A team of faculty from Wayne State University discovered new technology that will quickly and easily detect active Mycobacterium tuberculosis (TB) infection antibodies.
Their work, “Discovery of Novel Transketolase Epitopes and the Development of IgG-Based Tuberculosis Serodiagnostics,” was published in a recent edition of Microbiology Spectrum, a journal published by the American Society for Microbiology. The team is led by Lobelia Samavati, MD, professor in the Center for Molecular Medicine and Genetics in the School of Medicine. Samavati was joined by Jaya Talreja, PhD, and Changya Peng, research scientists in Wayne State’s Department of Internal Medicine.
Further reading: Tuberculosis Diagnosis Made Easy
Tuberculosis remains a global health threat, with 10 million new cases and 1.7 million deaths annually. According to the latest World Health Organization report, TB is the 13th leading cause of death and the second leading infectious killer after COVID. Latent tuberculous infection (LTBI) is considered a reservoir for TB bacteria and subjects can progress to active TB. One-third of the world’s population is infected with TB and, on average, 5 to 10% of those infected with LTBI will develop active TB disease over the course of their lives, usually within the first five years after initial infection.
Testing for Active Tuberculosis
The gold standard tests to determine whether an infection is active TB are the sputum smear and culture tests. However, these methods require collecting sputum, which is time consuming, expensive, requires trained personnel and lacks sensitivity. The current conventional tests differentiating LTBI from uninfected controls—such as tuberculin skin tests (TST) and/or interferongamma release assay (IGRA)—do not differentiate between active TB infection and latent TB. Despite advances in rapid molecular techniques for TB diagnostics, there is an unmet need for a simple inexpensive point-of-care (POC), rapid non-sputum-based test.
Samavati’s research group has worked for more than 15 years to develop technology for detection of antibodies in various respiratory diseases. Her lab has developed a novel non-sputum based technology and has discovered several novel immune-epitopes that differentially bind to specific immunoglobulin (IgG) in TB-infected subjects. The levels of epitope-specific IgG in seum can differentiate active TB from LTBI subjects, healthy controls, and other respiratory diseases. This technology can be used as a simple serum assay non-sputum based serological POC- TB test, which is highly specific and sensitive to diffentiate active TB from LTBI.
“Previously, we developed a T7 phage antigen display platform and after immunoscreening of large sets of serum samples, identified 10 clones that differentially bind to serum antibody (IgG) of active TB patients differentiating TB from other respiratory diseases,” says Samavati. “One of these high-performance clones had homology to the Transketolase (TKT) enzyme of TB bacteria that is an essential enzyme required for the intracellular growth of the bacteria in a host. We hypothesized that abundance of IgG in sera against the identified novel neoantigen that we named as TKTµ may differentiate between active TB, LTBI and other non-TB granulomatous lung diseases such as sarcoidosis. We developed a novel direct Peptide ELISA test to quantify the levels of IgG in serum samples against TKTµ. We designed two additional overlapping M.tb TKT-peptide homologs with potential antigenicity corresponding to M.tb-specific transketolase (M.tb-TKT1 and M.tb-TKT3) and hence standardized three Peptide ELISA (TKTμ, M.tb TKT1 and M.tb TKT3) for the TB serodiagnosis.”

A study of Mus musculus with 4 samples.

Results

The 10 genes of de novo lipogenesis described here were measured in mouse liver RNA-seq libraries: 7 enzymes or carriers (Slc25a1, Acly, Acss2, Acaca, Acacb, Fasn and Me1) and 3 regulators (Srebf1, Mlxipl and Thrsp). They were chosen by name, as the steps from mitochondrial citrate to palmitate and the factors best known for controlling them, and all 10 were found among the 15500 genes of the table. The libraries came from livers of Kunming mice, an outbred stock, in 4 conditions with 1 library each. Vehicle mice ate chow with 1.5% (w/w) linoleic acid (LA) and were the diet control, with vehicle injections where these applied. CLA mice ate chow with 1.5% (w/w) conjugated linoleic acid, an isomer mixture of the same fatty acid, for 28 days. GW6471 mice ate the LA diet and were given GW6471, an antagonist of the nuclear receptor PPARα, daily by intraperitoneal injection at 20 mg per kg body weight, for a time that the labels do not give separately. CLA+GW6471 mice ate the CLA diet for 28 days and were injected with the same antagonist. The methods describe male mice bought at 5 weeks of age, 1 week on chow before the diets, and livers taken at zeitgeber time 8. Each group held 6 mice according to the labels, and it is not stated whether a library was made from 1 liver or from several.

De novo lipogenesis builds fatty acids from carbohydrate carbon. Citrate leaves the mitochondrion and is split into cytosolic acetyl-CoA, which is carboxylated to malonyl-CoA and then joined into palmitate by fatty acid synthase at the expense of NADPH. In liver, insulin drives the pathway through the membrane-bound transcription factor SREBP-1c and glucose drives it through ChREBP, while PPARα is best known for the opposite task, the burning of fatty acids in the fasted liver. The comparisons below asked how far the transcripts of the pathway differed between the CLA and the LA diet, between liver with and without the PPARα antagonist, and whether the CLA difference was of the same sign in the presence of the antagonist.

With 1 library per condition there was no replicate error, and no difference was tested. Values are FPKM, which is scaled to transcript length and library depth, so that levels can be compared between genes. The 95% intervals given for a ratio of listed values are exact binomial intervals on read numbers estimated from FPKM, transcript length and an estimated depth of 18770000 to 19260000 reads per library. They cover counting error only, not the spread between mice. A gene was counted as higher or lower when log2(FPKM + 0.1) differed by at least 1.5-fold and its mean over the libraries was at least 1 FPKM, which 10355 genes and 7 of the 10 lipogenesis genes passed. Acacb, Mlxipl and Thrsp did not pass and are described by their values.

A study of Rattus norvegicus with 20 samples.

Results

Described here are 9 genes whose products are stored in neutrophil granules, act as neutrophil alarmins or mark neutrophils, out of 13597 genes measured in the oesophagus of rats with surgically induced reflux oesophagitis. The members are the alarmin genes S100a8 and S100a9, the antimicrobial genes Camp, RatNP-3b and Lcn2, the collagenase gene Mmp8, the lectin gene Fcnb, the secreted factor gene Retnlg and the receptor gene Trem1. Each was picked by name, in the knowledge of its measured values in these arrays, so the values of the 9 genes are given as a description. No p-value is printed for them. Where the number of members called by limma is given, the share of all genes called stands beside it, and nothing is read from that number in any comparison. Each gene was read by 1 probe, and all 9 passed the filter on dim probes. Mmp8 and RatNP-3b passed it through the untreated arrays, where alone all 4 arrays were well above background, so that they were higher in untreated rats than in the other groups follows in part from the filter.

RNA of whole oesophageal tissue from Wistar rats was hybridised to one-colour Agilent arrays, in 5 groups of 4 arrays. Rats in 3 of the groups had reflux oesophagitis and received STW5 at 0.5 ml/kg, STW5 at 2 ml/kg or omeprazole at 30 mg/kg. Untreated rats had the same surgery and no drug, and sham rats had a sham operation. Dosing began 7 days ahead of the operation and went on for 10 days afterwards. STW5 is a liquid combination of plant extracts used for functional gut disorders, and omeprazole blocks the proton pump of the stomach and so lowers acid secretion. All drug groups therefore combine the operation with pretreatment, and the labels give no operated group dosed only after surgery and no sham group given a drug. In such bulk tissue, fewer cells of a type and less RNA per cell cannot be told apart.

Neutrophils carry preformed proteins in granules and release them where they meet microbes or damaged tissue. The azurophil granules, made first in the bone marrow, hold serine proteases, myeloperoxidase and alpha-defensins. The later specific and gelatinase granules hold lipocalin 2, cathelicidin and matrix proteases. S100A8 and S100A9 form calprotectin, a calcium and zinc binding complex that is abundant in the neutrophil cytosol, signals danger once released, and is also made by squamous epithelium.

After development and standardization of a direct peptide ELISA for three peptides, the research team tested 292 subjects, and their TKT-peptide ELISA results show that TB patients have significantly higher levels of TKT-specific antibodies compared to patients who were healthy controls and with LTBI. The increased levels of TKT-specific antibodies is presumably associated with growing M.tb bacteria in active TB patients. TKT plays a key role in the switch from the dormancy to proliferative phase and TKT specific IgG may uncover the differences between active TB and LTBI. Thus, IgG-based serodiagnosis of TB with TKT-peptide ELISA is promising.
Currently, commercially available serological TB tests show poor sensitivity and specificity. The ELISA results obtained with the Wayne State team’s discovered TKT peptides yielded high specificity and sensitivity. Their results show that IgG antibodies against transketolase can discriminate active tuberculosis.
“Our TKT peptide ELISA test requires chemically synthesized TKT peptides to coat the wells in the ELISA plate, less than 100µl blood serum sample from patient, detection reagents and an ELISA plate reader,” says Samavati. “We are extremely enthusiastic about our technology and the fact that with a simple test we can differentiate active TB from LTBI and other respiratory diseases. We believe that our method and TKT peptide ELISA can fit the requirements of the World Health Organization and the Centers for Disease Control and Prevention as a POC screening method.”
The research team has applied a patent application on its technology and is actively seeking companies interested in investing.
This research was supported by the National Heart, Lung and Blood Institute of the National Institutes of Health, grant numbers 113508 and 148089. The Foundation for Innovative New Diagnostics (FIND, Geneva, Switzerland) provided TB and LTBI samples.